Date
11 December 2017
US Ambassador to the United Nations Nikki Haley delivers remarks during a meeting Monday at the UN Security Council to discuss new sanctions on North Korea. Photo: Reuters
US Ambassador to the United Nations Nikki Haley delivers remarks during a meeting Monday at the UN Security Council to discuss new sanctions on North Korea. Photo: Reuters

North Korea ‘begging for war’, says US

The North Korean regime is “begging for war”, the US envoy to the United Nations said on Monday, a day after Pyongyang conducted its most powerful nuclear test yet.

Speaking at an emergency meeting of the UN Security Council, Nikki Haley urged the 15-member bloc to impose the “strongest possible” sanctions to rein in North Korea and its leader Kim Jong-un, Reuters reports.

“War is never something the United States wants. We don’t want it now. But our country’s patience is not unlimited. We will defend our allies and our territory,” Haley said.

“The United States will look at every country that does business with North Korea as a country that is giving aid to their reckless and dangerous nuclear intentions,” she said.

The US will circulate a new Security Council resolution on North Korea this week and wants a vote on it next Monday, Haley said.

The comments came amid signs that the Kim Jong-un regime is undeterred by the waves of global condemnation following its hydrogen bomb test on Sunday.

South Korea warned Monday that Pyongyang appears to be making preparations to test another intercontinental ballistic missile.

North Korea said on Sunday that it tested an advanced hydrogen bomb for a long-range missile on Sunday, prompting a warning from US Defense Secretary Jim Mattis of a “massive” military response if the US or its allies were threatened.

Following Pyongyang’s fresh provocation, US President Donald Trump held calls with foreign leaders, including South Korean President Moon Jae-in and German Chancellor Angela Merkel, and the White House declared that “all options to address the North Korean threat are on the table.”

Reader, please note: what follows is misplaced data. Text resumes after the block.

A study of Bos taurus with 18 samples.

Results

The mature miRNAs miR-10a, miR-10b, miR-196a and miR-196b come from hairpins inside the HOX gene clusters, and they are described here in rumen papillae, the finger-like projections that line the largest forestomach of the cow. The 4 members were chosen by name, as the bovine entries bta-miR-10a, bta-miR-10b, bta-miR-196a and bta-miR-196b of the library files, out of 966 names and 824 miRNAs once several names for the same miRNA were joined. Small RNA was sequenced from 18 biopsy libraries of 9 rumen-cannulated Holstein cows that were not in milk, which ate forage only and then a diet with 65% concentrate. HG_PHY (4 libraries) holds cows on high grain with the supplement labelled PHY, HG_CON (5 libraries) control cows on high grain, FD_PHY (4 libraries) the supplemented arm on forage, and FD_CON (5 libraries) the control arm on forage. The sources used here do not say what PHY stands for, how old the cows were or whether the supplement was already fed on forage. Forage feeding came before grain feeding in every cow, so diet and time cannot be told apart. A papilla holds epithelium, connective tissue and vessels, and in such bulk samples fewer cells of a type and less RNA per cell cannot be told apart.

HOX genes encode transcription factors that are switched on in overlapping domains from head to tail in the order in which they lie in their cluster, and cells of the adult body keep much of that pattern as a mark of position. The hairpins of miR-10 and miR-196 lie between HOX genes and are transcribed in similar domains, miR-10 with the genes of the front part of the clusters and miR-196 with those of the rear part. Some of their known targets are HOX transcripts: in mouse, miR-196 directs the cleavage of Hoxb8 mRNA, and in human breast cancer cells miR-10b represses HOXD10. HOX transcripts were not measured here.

Moon and Trump agreed in a telephone call to scrap a warhead weight limit on South Korea’s missiles, South Korea’s presidential office said, enabling it to strike North Korea with greater force in the event of a military conflict. 

Trump has previously vowed to stop North Korea from developing nuclear weapons and said he would unleash “fire and fury” if Pyongyang threatened US territory.

South Korea said on Monday that it was talking to Washington about deploying aircraft carriers and strategic bombers to the Korean peninsula.

Despite the tough talk, the immediate focus of the international response was on tougher economic sanctions.

Diplomats have said the UN Security Council could now consider banning North Korean textile exports and stop supplies of oil to the government and military, among other measures.

Asked about Trump’s threat to punish countries that trade with North Korea, Chinese Foreign Ministry spokesman Geng Shuang said Beijing has dedicated itself to resolving the North Korean issue via talks.

“China will never allow chaos and war on the (Korean) Peninsula,” said Liu Jieyi, the Chinese ambassador to the United Nations, urging North Korea to stop taking actions that were “wrong”.